Uneasy Lies the ‘Koteret’
What does Queen Esther have in common with a pillar in King Solomon’s Temple, the stem-winder of a Timex, a porcelain tooth, the calligraphic flourishes atop the letters of a Torah scroll and the title of this column? The perceptive reader will have guessed that what we’re alluding to here is the fascinating story of the root כ-ת-ר (khof–tav–resh), to encircle—like a crown.
The most concrete example of this root in Scripture is found in the Book of Esther, read on Purim. Two queens launch the narrative when the כֶּתֶר מַלְכוּת (keter malkhut), royal crown, is removed from the head of Vashti and placed on Esther. Another example is an etymological mystery to biblical commentators: After Job’s three friends have finished comforting him for the death of his sons and loss of his wealth, a fourth friend, Elihu, offers a less comforting take, in a speech emphasizing Divine providence. At one point, asking for permission to continue his long-winded intervention, Elihu uses our root in a way that ostensibly has nothing to do with crowns, כַּתַּר לִי זְעֵיר (katar li ze’er), “Bear with me a little longer.”
The sages of Pirkei Avot enumerate three types of honorific כְּתָרִים (ketarim), crowns, adding that כֶּתֶר שֵׁם טב (keter shem tov), the crown of a good name, meaning having a good reputation, excels over them all. And in a fantastic tale of time travel, the Talmud imagines the Bible’s Moses sitting in Rabbi Akiva’s class, learning how ketarim, calligraphic crownlets, are used by the rabbis to expand biblical law.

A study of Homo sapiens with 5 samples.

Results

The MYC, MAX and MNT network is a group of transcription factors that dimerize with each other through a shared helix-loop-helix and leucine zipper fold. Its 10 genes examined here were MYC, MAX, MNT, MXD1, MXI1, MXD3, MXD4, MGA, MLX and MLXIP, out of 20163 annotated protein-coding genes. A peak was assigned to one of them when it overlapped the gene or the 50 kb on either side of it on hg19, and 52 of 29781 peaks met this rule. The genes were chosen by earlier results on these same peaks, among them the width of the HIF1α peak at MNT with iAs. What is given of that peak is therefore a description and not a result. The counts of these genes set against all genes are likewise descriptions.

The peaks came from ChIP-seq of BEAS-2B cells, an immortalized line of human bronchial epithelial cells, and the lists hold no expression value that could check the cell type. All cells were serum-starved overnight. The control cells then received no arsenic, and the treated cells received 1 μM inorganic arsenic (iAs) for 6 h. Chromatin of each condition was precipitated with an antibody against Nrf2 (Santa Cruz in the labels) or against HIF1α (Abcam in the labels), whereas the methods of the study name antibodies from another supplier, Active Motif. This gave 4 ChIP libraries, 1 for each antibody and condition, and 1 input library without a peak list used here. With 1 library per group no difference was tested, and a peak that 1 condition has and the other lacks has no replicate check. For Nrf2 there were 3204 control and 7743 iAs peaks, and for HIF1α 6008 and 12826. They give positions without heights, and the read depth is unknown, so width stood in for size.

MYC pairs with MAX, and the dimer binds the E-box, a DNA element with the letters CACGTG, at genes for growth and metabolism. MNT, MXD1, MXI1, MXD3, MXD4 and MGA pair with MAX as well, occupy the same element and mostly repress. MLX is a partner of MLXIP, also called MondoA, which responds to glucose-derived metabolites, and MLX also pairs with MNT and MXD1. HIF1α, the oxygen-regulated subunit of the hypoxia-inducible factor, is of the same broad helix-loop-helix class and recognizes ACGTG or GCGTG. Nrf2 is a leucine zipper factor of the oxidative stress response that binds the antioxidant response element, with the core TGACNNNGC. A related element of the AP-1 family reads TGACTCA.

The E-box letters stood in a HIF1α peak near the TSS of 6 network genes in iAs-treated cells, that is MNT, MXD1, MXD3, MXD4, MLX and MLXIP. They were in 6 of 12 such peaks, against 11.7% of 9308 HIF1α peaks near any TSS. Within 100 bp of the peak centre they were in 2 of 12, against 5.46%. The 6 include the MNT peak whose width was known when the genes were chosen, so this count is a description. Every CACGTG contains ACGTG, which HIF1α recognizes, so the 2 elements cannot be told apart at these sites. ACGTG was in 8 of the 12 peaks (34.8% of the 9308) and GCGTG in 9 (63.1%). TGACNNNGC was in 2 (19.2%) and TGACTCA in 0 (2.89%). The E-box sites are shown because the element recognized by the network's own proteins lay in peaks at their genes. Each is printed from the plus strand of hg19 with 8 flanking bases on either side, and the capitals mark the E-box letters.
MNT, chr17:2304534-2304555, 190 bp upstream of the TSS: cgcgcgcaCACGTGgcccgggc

Today, the Hebrew word כֶּתֶר (keter), crown, is used when designating either a false tooth or the crown used to adjust a watch. It is also the term for the decorative capitals of the two pillars guarding King Solomon’s palace. Eleven universities הִכְתִירוּ (hikhtiru), awarded, Hebrew writer Amos Oz honorary doctorates. The root is also found in publishing circles, where a כּתֶרֶת (koteret) is a headline, and כּתָר (kotar) designates a book title in a catalogue.
It is likely that more ink has been spilled and emotion spent on the כֶּתֶר אַרָם צוֹבָא (keter aram tsova), Crown of Aleppo, or Aleppo Codex, than on any other crown in history. That is because it is not a physical crown at all but the oldest extant and most scrupulously accurate manuscript of the Hebrew Bible. The Aleppo Codex was called The Keter by its guardians in the Jewish community of Aleppo, Syria. It has come full circle, safeguarded today in the Israel Museum in Jerusalem.
Joseph Lowin’s columns for Hadassah Magazine are collected in the books HebrewSpeak and HebrewTalk.